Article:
Wednesday, April 2, 2008

The Nationals are coming. Yah so?

I used to get excited about the Nationals. I don't really anymore and this is why.

When I first got back into squash, in 2004, the Nationals came to Vancouver and I truly felt an excitement within the local community. I was lucky enough to be able to be involved (my father and I designed the event logo and publication) and , as it turns out, I was even more lucky to be able to play.

That year the organizing committee opted to host a companion event which meant that players from all over the country, at all levels, were invited to come together and celebrate the game of Canadian squash. I was a low B player and got creamed but I saw some of the most amazing players play and I really got inspired. I saw (and played on!) the glass court! I cheered on my friends and lent Jonathon Power a bandana. I met players from all over the country which was probably the best part of the event.

In 2005 we went to Toronto for the first time and while the games were spread out across the city centre there was still a sense of community. Again there was a companion event so I played safe in the knowledge that I was going to be matched against a comparable player. I was a high B player that year and even with a Canadian champion coaching me I got creamed again. But it was okay because I was hanging out with my squash buddies and we were ALL playing.

In 2006 the Nationals were held in Toronto again. Hmmm. I remember thinking that I didn't really want to go to TO again but I went and, to be honest, I went because there was a companion event and I wanted to see if I had improved at a national level.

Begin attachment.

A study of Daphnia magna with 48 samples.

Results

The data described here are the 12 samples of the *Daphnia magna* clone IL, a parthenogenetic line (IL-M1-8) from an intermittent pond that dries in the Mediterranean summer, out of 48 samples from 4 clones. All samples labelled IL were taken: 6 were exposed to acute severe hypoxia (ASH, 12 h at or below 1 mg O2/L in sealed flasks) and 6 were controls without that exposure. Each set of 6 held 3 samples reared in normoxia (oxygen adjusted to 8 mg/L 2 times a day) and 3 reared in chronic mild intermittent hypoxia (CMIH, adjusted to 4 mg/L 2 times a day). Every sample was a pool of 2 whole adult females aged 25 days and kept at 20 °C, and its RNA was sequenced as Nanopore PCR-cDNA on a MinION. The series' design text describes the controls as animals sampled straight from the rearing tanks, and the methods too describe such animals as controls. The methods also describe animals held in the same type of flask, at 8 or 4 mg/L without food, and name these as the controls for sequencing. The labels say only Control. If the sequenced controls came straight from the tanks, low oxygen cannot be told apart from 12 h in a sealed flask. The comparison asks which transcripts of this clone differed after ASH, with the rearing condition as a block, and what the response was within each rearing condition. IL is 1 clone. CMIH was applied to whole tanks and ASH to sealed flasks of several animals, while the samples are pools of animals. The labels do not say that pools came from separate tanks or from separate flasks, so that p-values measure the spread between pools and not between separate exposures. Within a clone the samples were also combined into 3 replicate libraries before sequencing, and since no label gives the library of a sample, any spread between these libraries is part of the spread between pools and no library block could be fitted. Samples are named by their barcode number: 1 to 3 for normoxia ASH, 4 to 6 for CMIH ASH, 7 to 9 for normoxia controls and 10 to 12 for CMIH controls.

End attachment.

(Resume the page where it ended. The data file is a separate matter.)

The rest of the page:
To make a long story short: In 2007 The Glencoe Club decided not to include a companion event and I truly believe that they made a mistake. Their argument (if I remember correctly) was that they wanted to "showcase the best squash that Canada has to offer". What they forgot was WHO they were showcasing it to. It's the new players that need to see it, that will be inspired by it. These new players may one day be playing "the best squash that Canada has to offer" but even if they don't they will remember seeing it and it will

This year the committee at White Oaks, Niagara, have made a concession and included "A's" in the draw, along with open and age categories. I hope it's a sign of things to come and that next year's host will consider reinstating the companion event. It will help squash.

Next week: Everyone wins when losers ref.

1 comment:

John said...

Robert, I believe you are correct when you say that the B, C and D events are companion events and therefore not a formal part of the Canadian Championships. What about encouraging a differnt club (or clubs) in the host city to host the companion event?

I, too, played in the 2004 Champs just because it was in Vancouver. These champs did include the BCD companion event. As I recall, there were over 400 players (415, I think) making this a very large event for any organization to manage. In addition, travel times between clubs were significant particularly during the rush hours. This led to a number of people being late for their match.

If a separate club or group of clubs in one area were to host the companion event, the workload would be shared, travel times reduced and BCD players could still view and support their friends in the Canadian Champs.